On June 7, 2018, the Federal Circuit in Wi-Fi One, LLC v. Broadcom Corp. requested that intervenor, Patent Office director Andrei Iancu, and appellee Broadcom, file a response to Wi-Fi One’s second petition for rehearing. Wi-Fi One, Case No. 2015-1944, Docket No. 212 (June 7, 2018). At issue was whether the court should grant Wi-Fi One’s second petition for panel or en banc rehearing regarding 35 U.S.C. § 315 (b) time-bar challenges. See Wi-Fi One, LLC v. Broadcom Corp., Case No. 2015-1944, Doc. No. 210 (May 21, 2018).
Wi-Fi One’s second petition follows each of: (1) a now-vacated panel decision that PTAB decisions on § 315 (b) time-bar challenges are not appealable, (2) an en banc decision holding that PTAB time-bar determinations are, in fact, appealable, and (3) a second panel decision that upheld the PTAB’s decision that Broadcom’s IPR petition was not time-barred. See Wi-Fi One, LLC v. Broadcom Corp., Case No. 2015-1944. In the second panel decision, the majority affirmed the PTAB’s position that Broadcom was not a “real party in interest” or a “privy” for purposes applying the § 315 (b) time-bar. Wi-Fi One, Case No. 2015-1944 at 18 (April 20, 2018). In dissent, however, Judge Reyna stated that “[t]he majority concludes that to establish privity, a petitioner must have had control over the prior district court litigation. This narrow standard will make it difficult for a patentee to successfully assert § 315(b).” Wi-Fi One, Case No. 2015-1944 at 1-2 (April 20, 2018) (Reyna, J., dissenting). According to Judge Reyna, “[p]rivity may exist in other forms that do not involve control over the prior litigation.” Id.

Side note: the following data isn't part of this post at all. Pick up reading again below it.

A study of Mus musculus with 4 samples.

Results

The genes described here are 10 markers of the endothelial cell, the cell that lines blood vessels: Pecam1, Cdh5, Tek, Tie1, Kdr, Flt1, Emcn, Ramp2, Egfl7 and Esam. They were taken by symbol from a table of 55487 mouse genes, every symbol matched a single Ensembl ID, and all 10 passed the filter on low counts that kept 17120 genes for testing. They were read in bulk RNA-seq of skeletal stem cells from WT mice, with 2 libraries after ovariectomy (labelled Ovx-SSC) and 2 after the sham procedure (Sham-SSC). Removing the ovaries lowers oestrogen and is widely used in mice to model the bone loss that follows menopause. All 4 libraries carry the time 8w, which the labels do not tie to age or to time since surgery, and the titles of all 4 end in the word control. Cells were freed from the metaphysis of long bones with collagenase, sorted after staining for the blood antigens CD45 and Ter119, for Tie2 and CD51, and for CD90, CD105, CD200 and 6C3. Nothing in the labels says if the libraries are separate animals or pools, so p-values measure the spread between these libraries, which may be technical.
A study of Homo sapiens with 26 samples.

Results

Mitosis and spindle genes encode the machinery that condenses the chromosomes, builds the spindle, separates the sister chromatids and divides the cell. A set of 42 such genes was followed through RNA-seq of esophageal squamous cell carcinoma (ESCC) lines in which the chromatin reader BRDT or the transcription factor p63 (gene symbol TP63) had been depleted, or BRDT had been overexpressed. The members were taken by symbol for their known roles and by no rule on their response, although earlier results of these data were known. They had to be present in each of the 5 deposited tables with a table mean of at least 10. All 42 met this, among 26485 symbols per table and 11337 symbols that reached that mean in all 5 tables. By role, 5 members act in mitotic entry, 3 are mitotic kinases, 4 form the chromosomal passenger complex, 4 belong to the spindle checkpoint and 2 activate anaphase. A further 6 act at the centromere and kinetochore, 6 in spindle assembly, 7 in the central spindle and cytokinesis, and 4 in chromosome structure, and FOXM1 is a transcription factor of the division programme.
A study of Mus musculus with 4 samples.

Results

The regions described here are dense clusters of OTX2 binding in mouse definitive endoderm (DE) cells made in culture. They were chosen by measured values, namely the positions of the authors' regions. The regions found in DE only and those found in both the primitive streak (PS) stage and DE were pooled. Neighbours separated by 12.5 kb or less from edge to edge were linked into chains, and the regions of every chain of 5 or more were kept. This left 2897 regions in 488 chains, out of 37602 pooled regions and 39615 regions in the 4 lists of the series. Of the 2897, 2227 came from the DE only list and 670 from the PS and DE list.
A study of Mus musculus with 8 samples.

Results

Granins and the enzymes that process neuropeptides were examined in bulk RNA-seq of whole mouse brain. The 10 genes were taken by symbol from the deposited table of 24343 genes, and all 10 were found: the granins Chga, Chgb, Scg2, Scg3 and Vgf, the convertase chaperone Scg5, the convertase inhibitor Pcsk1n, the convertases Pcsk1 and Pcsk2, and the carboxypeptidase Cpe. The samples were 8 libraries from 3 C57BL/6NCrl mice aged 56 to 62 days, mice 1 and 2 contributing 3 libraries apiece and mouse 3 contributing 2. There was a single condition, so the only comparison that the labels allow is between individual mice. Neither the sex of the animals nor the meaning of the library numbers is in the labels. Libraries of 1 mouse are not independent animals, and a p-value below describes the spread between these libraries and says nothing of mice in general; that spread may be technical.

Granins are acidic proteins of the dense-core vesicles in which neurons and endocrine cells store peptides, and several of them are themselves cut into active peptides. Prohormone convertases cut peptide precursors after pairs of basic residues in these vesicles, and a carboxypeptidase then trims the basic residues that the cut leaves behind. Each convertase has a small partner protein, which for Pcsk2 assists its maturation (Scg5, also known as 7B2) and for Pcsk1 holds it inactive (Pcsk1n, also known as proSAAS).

Judge Reyna’s dissent seemingly set the stage for Wi-Fi One’s second petition.
In its second petition, Wi-Fi One seemed to invite the Patent Office’s response, stating that “[g]iven the USPTO’s recent public comments promising to promote fairness for patent owners, the PTAB on remand likely would self-correct and handle the § 315(b) issue much differently.” Wi-Fi One, LLC v. Broadcom Corp., Case No. 2015-1944, Doc. No. 210 (May 21, 2018) (citing USPTO Director Andrei Iancu, Remarks before the Senate Committee on the Judiciary (April 18, 2018)).
Wi-Fi One’s statement references director Iancu’s earlier acknowledgement of a study that suggests that the current administration of AIA trials may be weakening the U.S. patent system: “I am aware of strong opinions of various parts of the IP stakeholder community with respect to the conduct of AIA trials. For example, a recent Chamber of Commerce study noted that the post-grant proceedings at the PTAB were a factor contributing to the drop of the U.S. patent system in its annual rankings.” Statement of Director Andrei Iancu before the Senate Committee on the Judiciary (April 18, 2018). Director Iancu also commented on how he hoped to improve PTAB operating procedure “to ensure that the Office’s review in these proceedings is consistent with the intent of the AIA, and the overall goals of predictable, high quality patent rights.” Id.
With respect to § 315(b) determinations, Wi-Fi One requested that the Federal Circuit vacate the second panel decision and remand the case to the PTAB with instructions to: (1) accept certain indemnity agreements into evidence (e.g., allegedly demonstrating a §315(b) time-bar); (2) write an opinion that states its findings, including conclusions and supporting reasons on the § 315(b) issue; and (3) follow the PTAB’s own Trial Practice Guide and consider all the relevant “Taylor factors” and the totality of circumstances when the PTAB decides privity issues under § 315(b). See Wi-Fi One, LLC v. Broadcom Corp., Case No. 2015-1944, Doc. No. 210 at 5 (May 21, 2018).
Given that parties may now challenge § 315(b) time-bar determinations on appeal, and in view of director Iancu’s comments, one would expect the PTAB to develop more bright-lined procedures for addressing such decisions—if not on remand from the Wi-Fi One case, then likely in future § 315(b) cases.